Mr Biadella Mortey Akpadzi, Executive Director of the Economic and Organised Crimes Office (EOCO) on Thursday said Mr Alfred Agbesi Woyome, a businessman, has no basis for going to court over issues relating to investigations into the payment of judgement debt.
Mr Akpadzi said: “We believe every Ghanaian has the right to seek redress in court. But by the facts so far, we believe Mr Woyome has no basis for that writ,” Mr Akpadzi said.
Mr Akpadzi was speaking to journalists moments after he presented an interim report on investigations into the payment of the judgement debt, which was ordered by President John Evans Atta Mills last December.
Mr Woyome, former Austria Consul had been in court, seeking to halt EOCO’s handling of investigations into the controversial GHc58 million Ghana, paid to him by the State.
His lawyers on Tuesday had filed two writs – first, questioning the mandate of the EOCO to investigate the matter.
Their case was that EOCO cannot investigate the judgment of a court, and consequently seeking an injunction to stop EOCO from continuing with the investigations.
Counsels for Woyome are also challenging EOCO’s action to freeze Mr. Woyome’s bank accounts.
Mr. Akpadzi said but for the intervention of the President “things would have been worse.
According to Mr Akpadzi, the facts showed that President Mills ordered the Ministry of Finance not to pay Mr Woyome, initially when the issue came up, but Mr Woyeome went to court.
President Mills then ordered the Minister of Justice and Attorney General to seek an order to put an injunction on the case, but the order was violated on both occasions.
Mr Akpadzi indicated that the EOCO consulted all the relevant documents and arrived at the conclusion there were elements of non- performance on the part  of some officials, past and present, who should have done better than what they did.
Without giving names of which officials were involved, Mr Akpadzi said what was started by past officials, was aggravated by current officials, by what was now being called the Woyome case.
“We realised quite some element of non-performance, for want of a better word, on the part of officials who should have done better than they did and but for the intervention of His Excellency the President, we believe things could have even been worse,” he said.
“Which officials?” he was asked, to which he responded, “the whole matter as you have seen started with actions by past officials and it was further aggravated by current officials and all led to what is now being called ‘the Woyome case.”
It is the belief EOCO, Mr Akapdzi inisisted, that Woyome had no basis for making the claims which accorded him the GHc58 million judgement debt.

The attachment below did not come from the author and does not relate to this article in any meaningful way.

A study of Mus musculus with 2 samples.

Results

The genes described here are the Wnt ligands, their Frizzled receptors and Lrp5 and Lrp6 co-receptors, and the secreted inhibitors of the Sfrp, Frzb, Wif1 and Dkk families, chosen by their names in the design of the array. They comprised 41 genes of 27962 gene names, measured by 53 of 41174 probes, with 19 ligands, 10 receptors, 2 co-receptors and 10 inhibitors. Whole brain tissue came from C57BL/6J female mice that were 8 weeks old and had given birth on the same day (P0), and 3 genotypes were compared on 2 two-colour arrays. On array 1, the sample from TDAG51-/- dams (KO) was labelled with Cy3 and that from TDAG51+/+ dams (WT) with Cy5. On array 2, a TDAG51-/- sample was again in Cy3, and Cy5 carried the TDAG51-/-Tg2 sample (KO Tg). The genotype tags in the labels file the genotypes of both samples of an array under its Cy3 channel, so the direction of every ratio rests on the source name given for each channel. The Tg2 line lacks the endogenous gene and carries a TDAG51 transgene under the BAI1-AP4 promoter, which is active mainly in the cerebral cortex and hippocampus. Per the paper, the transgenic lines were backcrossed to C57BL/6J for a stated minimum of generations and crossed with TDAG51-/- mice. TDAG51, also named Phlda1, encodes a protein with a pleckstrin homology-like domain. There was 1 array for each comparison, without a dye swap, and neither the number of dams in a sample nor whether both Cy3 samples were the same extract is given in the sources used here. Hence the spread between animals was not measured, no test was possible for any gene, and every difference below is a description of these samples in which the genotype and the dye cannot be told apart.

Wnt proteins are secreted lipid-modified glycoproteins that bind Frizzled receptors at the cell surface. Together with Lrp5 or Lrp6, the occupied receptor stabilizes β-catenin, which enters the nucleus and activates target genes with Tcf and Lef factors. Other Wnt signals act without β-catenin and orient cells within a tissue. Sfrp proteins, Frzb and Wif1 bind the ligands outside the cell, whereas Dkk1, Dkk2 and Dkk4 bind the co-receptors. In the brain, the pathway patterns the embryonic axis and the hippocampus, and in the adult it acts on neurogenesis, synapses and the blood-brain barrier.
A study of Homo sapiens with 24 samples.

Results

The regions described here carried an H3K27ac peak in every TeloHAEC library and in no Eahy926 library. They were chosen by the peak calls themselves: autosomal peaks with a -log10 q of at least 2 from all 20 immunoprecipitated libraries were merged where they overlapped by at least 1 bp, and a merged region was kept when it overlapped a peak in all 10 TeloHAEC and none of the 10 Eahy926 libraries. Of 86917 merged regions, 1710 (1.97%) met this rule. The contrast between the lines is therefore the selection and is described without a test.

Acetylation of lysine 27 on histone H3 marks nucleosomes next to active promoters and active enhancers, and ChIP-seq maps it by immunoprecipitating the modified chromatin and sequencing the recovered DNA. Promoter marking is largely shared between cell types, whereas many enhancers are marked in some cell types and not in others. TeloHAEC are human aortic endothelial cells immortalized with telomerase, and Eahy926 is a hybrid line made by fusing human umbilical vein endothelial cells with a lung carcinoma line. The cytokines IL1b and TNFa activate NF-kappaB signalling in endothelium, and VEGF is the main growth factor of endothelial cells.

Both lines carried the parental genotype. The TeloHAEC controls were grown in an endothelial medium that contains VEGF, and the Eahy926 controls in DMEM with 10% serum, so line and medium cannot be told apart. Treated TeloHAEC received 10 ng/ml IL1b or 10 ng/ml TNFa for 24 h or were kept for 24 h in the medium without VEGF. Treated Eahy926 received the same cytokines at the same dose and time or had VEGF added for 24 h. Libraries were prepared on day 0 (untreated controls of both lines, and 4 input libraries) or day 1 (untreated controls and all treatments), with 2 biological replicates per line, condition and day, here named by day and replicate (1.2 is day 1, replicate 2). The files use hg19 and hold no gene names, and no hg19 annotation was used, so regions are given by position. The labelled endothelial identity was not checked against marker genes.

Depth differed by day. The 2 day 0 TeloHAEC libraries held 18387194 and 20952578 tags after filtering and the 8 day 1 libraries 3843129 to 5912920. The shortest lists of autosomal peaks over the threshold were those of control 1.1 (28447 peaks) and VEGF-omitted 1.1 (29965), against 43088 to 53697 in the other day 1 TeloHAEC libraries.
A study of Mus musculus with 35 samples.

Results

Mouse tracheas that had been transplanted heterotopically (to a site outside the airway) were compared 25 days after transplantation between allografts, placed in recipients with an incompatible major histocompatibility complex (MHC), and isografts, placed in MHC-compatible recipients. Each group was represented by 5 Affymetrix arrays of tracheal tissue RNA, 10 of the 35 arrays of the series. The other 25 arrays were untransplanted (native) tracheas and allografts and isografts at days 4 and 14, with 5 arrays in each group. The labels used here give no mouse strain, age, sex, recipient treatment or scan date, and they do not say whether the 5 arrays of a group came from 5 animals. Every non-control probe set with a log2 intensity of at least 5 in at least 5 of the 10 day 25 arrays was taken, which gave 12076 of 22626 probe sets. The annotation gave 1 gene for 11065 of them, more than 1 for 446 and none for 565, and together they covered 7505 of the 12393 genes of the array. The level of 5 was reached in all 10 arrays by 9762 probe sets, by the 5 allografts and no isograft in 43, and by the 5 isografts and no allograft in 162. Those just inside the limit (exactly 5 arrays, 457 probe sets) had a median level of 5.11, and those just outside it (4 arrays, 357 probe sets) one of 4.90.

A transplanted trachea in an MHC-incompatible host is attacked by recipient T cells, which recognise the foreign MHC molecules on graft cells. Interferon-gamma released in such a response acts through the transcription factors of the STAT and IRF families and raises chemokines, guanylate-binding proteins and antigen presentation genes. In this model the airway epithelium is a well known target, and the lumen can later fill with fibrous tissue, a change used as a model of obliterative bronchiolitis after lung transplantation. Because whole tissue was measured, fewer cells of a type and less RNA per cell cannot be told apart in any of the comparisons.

Receiving the report, president Mills thanked EOCO for a good job, but expressed misgivings why some people had declined to appear before the EOCO.
Apparently referring to some public office holders in the former Administration of the New Patriotic Party (NPP), President Mills further questioned such people if they really believed in democracy and the search for the truth by their refusal to appear before the EOCO.
“Many of  us talk about democracy, we talk about respect for rights and I believe, therefore, that our actions should show that we are indeed interested in democracy and also the search for the truth,” he said.
President Mills asked the EOCO to make copies of the report available to the public.
The A-G, Dr Kunbuor assured President Mills the report will be used to augment the AG Department’s writ against Mr Woyome in court.
It would be recalled that President Mills ordered EOCO to investigate the payments after the issue assumed a national debate.
In the wake of the controversy over the payment of judgement debt,  a serving Attorney-General,  Mr Martin Amidu was relieved of his position, for what Mr Henry Martey Newman described as “misconduct,” at a meeting with the President over the Woyome issue.
Mrs Betty-Mould Iddrisu former Education Minister, and also former Attorney General before going to the Education portfolio, also resigned her post to allow investigations into the matter.
President Mills received a lot of criticisms from the opposition who insisted that his claim that he did not order the payments was unconvincing, especially when he said Ghanaians must know who caused the liability.
The raging discussions received fuel when dismissed Attorney-General Martin Amidu, responding to attacks by pro-government newspapers accused a colleague minister of seeking to cover up gargantuan crimes against the people of Ghana.
Mr Amidu filed an amendment to a writ, arguing Woyome had no contract with the government of Ghana and that he procured the favourable consent judgement through fraudulent misrepresentations.
  Mr Amidu was subsequently dismissed for what the Presidency said was misconduct.
Communications Director at the Presidency Koku Anyidoho said Mr Amidu was sacked because he failed to substantiate his allegations of attempts to cover up gargantuan crimes.